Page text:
Major economies to join a 'Global Methane Pledge'

A methane clampdown poses a major challenge for Ireland because it is calculated to comprise 24.6% of the country’s greenhouse gas emissions
Major economies to join a 'Global Methane Pledge'

US President Joe Biden said he would invite 17 major economies to join a “Global Methane Pledge" to be launched by the time of November's COP26 climate summit.

Pressure on Irish farmers to reduce methane production by cattle will increase if the United States and the European Union agree to cut emissions of methane by around a third in the next nine years.

According to documents seen by the Reuters news agency, leaders in Washington and Brussels are about to pledge to reduce human-caused methane emissions by at least 30% by 2030 (compared to 2020).

A separate document listed more than 20 countries the US and the EU would target to join the pledge. They include major methane emitters such as China, Russia, India, Brazil, Saudi Arabia, Norway, Qatar, Britain, New Zealand and South Africa.

US President Joe Biden said he would use a meeting tomorrow, Friday, to invite 17 major economies to join a “Global Methane Pledge" to be launched by the time of November's COP26 climate summit. The US and EU agreeing to quickly cut methane emissions is part of their diplomatic push to get other nations to join the pledge.

President Biden’s announcement is planned for the virtual meeting tomorrow of the Major Economies Forum on Energy and Climate, to help build momentum before the United Nations-sponsored COP26 climate summit in Glasgow, from October 31 to November 12.

A methane clampdown poses a major challenge for Ireland because it is calculated to comprise 24.6% of the country’s greenhouse gas emissions, primarily coming from agriculture. Ruminants are the main source, with each cow burping about 350g per day.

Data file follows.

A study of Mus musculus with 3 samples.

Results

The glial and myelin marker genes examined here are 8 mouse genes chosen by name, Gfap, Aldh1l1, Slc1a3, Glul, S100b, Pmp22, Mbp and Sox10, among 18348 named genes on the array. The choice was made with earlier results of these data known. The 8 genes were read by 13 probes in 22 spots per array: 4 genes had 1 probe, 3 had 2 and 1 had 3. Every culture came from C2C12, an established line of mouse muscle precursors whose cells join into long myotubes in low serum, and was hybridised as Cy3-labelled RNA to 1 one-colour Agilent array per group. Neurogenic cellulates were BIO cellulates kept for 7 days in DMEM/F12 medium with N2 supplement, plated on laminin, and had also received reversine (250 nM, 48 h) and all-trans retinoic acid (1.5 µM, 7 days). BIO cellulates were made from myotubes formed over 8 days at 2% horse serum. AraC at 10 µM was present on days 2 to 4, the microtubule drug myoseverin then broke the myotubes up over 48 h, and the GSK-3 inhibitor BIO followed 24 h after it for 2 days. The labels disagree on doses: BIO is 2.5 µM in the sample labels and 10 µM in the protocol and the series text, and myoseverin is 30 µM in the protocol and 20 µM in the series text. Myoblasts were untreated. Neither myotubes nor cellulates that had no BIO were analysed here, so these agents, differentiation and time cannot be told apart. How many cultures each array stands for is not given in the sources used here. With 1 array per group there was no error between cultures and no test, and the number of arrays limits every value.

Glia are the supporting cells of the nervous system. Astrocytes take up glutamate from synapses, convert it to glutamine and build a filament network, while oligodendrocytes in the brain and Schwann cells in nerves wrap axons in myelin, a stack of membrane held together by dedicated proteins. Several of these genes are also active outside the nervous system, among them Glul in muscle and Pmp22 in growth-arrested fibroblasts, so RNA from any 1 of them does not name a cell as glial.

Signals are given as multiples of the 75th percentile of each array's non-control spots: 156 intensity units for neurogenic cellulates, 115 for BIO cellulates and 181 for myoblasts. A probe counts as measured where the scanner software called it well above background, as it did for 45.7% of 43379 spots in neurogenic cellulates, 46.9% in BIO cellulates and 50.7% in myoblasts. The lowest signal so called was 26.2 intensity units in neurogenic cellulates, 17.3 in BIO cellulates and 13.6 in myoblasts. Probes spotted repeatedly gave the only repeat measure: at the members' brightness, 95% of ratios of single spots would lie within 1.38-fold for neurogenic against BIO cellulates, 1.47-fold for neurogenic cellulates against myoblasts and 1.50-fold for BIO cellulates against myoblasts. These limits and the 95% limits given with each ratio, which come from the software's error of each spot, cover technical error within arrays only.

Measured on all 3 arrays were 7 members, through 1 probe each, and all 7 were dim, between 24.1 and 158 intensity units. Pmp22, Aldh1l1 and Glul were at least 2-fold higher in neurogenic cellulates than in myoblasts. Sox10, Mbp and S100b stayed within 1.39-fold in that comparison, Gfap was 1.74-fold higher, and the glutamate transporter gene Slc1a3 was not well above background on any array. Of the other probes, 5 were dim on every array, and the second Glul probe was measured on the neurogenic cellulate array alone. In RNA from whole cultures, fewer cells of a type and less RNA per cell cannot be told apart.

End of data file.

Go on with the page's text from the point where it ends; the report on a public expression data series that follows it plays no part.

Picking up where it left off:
The Biden administration in Washington is said to have been working on the methane pact for months.

Although methane is estimated to be the second biggest cause of global warming after carbon dioxide, it is no surprise that it is first for global attention, because methane naturally leaves the atmosphere in about 12 years.

Therefore, reducing it can rapidly reduce global warming, in comparison to trying to reduce carbon dioxide pollution, the main greenhouse gas, which persists and accumulates in the atmosphere for many hundreds of years.

EU experts have estimated that cutting global emissions of methane by half by 2050 would shave 0.18 degrees off the rise in global temperatures.

Experts say the fossil fuel sector has the biggest potential to cut methane emissions, by mending leaky pipelines or gas storage facilities, often at low cost. Satellite images show major methane emissions from oil and gas sites worldwide. The US and EU are both due to propose laws this year to restrict these methane emissions, and other sources such as agriculture and waste landfills.

The EU (estimated to produce 5% of global methane emissions) already has policies to reduce methane emissions 29% by 2030 (compared to 2005) but would need to speed that up to 37%, in line with the latest EU plan to reduce net greenhouse gas emissions by at least 55%, by 2030.